Akamai Does Not Violate Network Neutrality

from the end-to-end-vs-end-to-middle dept

Many supporters of AT&T's plans to double dip in internet charges by ending neutrality claim that the internet has never been neutral, and point to systems like Akamai as an example of this. However, as we've explained in the past, this is simply untrue. It's purposely stretching the definition of network neutrality to make a point that isn't supported by the facts. Services like Akamai help make the internet faster for everyone. It doesn't discriminate. It holds to the "end-to-end" principle that a connection you buy to the internet entitles you to reach any content across that entire network. That's not what AT&T is looking to do. It's claiming that you really only have access to the cloud in the middle, and someone needs to pay for the second half of that connection from the middle out to the server you're accessing.

Tim Lee (who, like me, does not support net neutrality legislation) has ripped apart a paper that claims that Akamai is an example of why the internet is not neutral. Lee notes that the author of the paper doesn't even seem to understand how Akamai works, and provides a nice (more technology focused) explanation for why content caching systems have little to do with the network neutrality discussion: "A network is neutral if it faithfully transmits information from one end of the network to the other and doesn't discriminate among packets based on their contents. Neutrality is, in other words, about the behavior of the routers that move packets around the network. It has nothing to do with the behavior of servers at the edges of the network because they don't route anyone's packets."
Companies: akamai


    Wolferz (profile), 18 Jan 2008 @ 1:36am

    they already are paying...

    You know one thing that bothers the heck out of me is a point I have yet to see any one else make.

    If I decide to start a website I need a host. There are a number of way to get one but general speaking I would pay some one to rent to me a server or space on a server, and to house and maintain that server. Part of the money I pay my hosting company will be put together with the money paid by other customers of that host to pay for ultra-high bandwidth internet service.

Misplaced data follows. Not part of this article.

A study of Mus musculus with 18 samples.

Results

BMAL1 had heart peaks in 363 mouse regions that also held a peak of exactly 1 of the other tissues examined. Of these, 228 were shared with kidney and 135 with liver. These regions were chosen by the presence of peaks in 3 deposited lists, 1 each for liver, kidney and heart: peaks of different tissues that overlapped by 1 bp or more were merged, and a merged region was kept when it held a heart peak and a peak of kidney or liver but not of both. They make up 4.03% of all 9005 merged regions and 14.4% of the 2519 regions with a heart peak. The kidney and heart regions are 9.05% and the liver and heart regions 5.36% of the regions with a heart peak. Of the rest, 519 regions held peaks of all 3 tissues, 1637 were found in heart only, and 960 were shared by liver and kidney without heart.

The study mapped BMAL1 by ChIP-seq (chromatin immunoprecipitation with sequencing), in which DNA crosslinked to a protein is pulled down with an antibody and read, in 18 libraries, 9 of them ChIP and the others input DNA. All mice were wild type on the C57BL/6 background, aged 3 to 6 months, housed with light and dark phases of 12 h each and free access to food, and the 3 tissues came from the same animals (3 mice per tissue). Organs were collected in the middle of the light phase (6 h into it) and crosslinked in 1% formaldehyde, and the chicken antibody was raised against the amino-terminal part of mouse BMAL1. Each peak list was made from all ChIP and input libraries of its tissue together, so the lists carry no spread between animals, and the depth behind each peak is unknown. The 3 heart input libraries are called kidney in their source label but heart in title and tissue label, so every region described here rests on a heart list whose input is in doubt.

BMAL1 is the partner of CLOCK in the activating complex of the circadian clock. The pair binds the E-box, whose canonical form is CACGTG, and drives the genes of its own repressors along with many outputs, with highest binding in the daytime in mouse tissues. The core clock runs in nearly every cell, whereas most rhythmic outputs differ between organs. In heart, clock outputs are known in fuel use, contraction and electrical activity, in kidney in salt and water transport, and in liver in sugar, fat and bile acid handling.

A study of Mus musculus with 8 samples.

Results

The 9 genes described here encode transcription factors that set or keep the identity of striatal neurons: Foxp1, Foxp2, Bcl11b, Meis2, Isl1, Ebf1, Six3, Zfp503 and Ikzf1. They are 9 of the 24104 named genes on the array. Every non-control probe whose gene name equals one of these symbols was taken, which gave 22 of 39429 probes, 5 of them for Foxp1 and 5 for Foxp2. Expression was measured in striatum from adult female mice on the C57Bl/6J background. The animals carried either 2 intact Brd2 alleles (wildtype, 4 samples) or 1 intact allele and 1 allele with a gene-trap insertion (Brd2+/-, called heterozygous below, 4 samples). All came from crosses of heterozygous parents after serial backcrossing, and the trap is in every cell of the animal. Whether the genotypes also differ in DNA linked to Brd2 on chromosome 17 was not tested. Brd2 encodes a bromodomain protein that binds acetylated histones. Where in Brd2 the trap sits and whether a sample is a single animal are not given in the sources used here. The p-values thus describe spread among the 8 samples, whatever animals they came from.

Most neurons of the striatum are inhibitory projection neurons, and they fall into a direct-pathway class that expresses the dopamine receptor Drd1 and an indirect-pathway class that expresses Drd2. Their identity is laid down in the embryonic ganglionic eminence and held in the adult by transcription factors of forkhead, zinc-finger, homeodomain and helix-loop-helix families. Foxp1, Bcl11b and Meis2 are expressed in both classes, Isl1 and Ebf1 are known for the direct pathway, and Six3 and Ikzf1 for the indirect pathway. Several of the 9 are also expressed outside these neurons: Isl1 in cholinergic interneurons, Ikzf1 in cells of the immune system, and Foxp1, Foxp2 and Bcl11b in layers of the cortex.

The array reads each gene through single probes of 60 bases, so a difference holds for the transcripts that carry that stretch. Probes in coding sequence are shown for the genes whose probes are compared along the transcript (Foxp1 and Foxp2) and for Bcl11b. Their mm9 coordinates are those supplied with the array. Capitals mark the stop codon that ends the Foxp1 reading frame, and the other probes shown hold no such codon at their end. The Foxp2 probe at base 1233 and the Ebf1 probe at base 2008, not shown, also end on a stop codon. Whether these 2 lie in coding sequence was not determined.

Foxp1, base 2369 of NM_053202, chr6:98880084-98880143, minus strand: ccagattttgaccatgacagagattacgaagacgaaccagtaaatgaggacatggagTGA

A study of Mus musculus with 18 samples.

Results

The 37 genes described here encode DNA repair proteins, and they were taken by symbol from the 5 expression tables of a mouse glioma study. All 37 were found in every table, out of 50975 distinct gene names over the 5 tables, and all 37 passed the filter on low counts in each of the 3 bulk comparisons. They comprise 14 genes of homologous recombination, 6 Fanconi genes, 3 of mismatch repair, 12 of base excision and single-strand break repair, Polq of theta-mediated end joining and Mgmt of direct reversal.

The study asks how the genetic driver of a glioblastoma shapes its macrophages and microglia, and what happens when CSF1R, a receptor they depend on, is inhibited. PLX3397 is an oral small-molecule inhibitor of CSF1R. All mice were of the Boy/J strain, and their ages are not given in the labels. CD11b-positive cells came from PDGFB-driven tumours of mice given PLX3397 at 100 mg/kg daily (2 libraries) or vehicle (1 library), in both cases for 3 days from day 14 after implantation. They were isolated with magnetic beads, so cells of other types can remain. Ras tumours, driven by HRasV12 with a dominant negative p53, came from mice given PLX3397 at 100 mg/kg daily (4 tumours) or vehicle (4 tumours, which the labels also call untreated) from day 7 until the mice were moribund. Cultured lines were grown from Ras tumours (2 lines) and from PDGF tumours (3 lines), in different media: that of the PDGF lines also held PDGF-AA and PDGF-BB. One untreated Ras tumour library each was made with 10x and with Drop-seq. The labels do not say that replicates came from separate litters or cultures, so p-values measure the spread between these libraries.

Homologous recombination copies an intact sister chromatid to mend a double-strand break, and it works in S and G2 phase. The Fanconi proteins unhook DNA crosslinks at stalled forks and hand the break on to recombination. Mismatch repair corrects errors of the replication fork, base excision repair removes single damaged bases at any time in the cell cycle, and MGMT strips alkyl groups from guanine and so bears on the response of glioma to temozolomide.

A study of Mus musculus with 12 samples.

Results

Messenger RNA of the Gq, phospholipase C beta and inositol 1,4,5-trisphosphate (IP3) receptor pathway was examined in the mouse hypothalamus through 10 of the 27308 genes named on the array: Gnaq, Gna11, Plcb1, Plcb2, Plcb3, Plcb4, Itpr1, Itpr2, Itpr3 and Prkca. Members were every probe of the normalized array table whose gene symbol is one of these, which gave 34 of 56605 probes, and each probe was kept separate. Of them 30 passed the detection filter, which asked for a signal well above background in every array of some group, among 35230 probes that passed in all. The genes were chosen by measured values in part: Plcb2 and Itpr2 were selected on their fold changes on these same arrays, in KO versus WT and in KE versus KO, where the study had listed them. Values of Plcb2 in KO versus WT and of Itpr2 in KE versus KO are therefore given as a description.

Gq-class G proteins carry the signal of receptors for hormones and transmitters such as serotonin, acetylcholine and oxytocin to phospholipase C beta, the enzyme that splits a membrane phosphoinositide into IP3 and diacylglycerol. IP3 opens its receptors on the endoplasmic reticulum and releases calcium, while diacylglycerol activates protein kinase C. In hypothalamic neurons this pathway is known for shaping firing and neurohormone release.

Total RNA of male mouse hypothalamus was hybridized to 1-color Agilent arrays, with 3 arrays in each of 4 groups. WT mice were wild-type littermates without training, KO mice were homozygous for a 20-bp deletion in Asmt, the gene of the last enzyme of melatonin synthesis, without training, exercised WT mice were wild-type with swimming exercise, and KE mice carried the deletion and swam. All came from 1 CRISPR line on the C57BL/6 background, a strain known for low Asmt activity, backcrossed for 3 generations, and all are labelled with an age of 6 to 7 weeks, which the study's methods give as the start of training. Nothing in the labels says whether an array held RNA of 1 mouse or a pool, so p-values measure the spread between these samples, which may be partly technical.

Now in the time I have used ircd hosts, web hosts, and other forms of hosting I have never had a hosting service that received their internet connectivity directly from AT&T. I did have one that got service directly form Sprint but most of them used smaller ISP's offering fiber connections.

    So in the case of a Billy Bob's Shrimp Packaging's website (for example) Billy Bob pays the hosting company, who pays the ISP, who pays another ISP, who pays another ISP, so on and so forth till it reaches one of the major providers. In the case of the home computer the owner pays an ISP directly, who pays another ISP, who pays another ISP, who pays another ISP, so on and so forth until it reaches one of the major providers.

    The major carriers such as AT&T are not paying anyone except when performing maintenance on their network, upgrading equipment, paying their employees, or paying taxes. In fact, through a sort of trickle effect EVERY ONE is ALREADY paying THEM. The computer owner is paying them, whether he uses them as his primary ISP or not, and yes the website owner is in fact ALREADY paying them, whether his webhost gets internet directly from them or not. Major companies like Google are no different in this respect than owners of small websites. They just have many more sites, redundant servers, and entire server farms of their own.

    Perhaps I am wrong in my statements above. Things would certainly make more sense if I was. However, if I am not why is it that if companies like AT&T are already getting paid on both ends by every one they still think they should be allowed to charge one end again directly "or else." I mean if they were offering some benefit or additional service or even at least one service to begin with to a website owner, be it Google or Billy Bob's Shrimp Packaging, I might understand. Yet AT&T isn't providing anything to Google or Billy Bob. They are providing high bandwidth connectivity from across the continent to the ISP of the ISP of the ISP of Billy Bob and Google but they aren't providing anything to Billy Bob or Google directly. Worse they are threatening to take away a service THAT IS ALREADY PAID FOR unless the customer of the customer of the customer of the company that already paid for the service doesn't pay extra directly.

    Yet, it seems I am the only one who notices this. Perhaps I have it wrong. If I am right it seems like this would pretty much be an instant nail in the coffin for the whole idea of charging companies like Google "or else."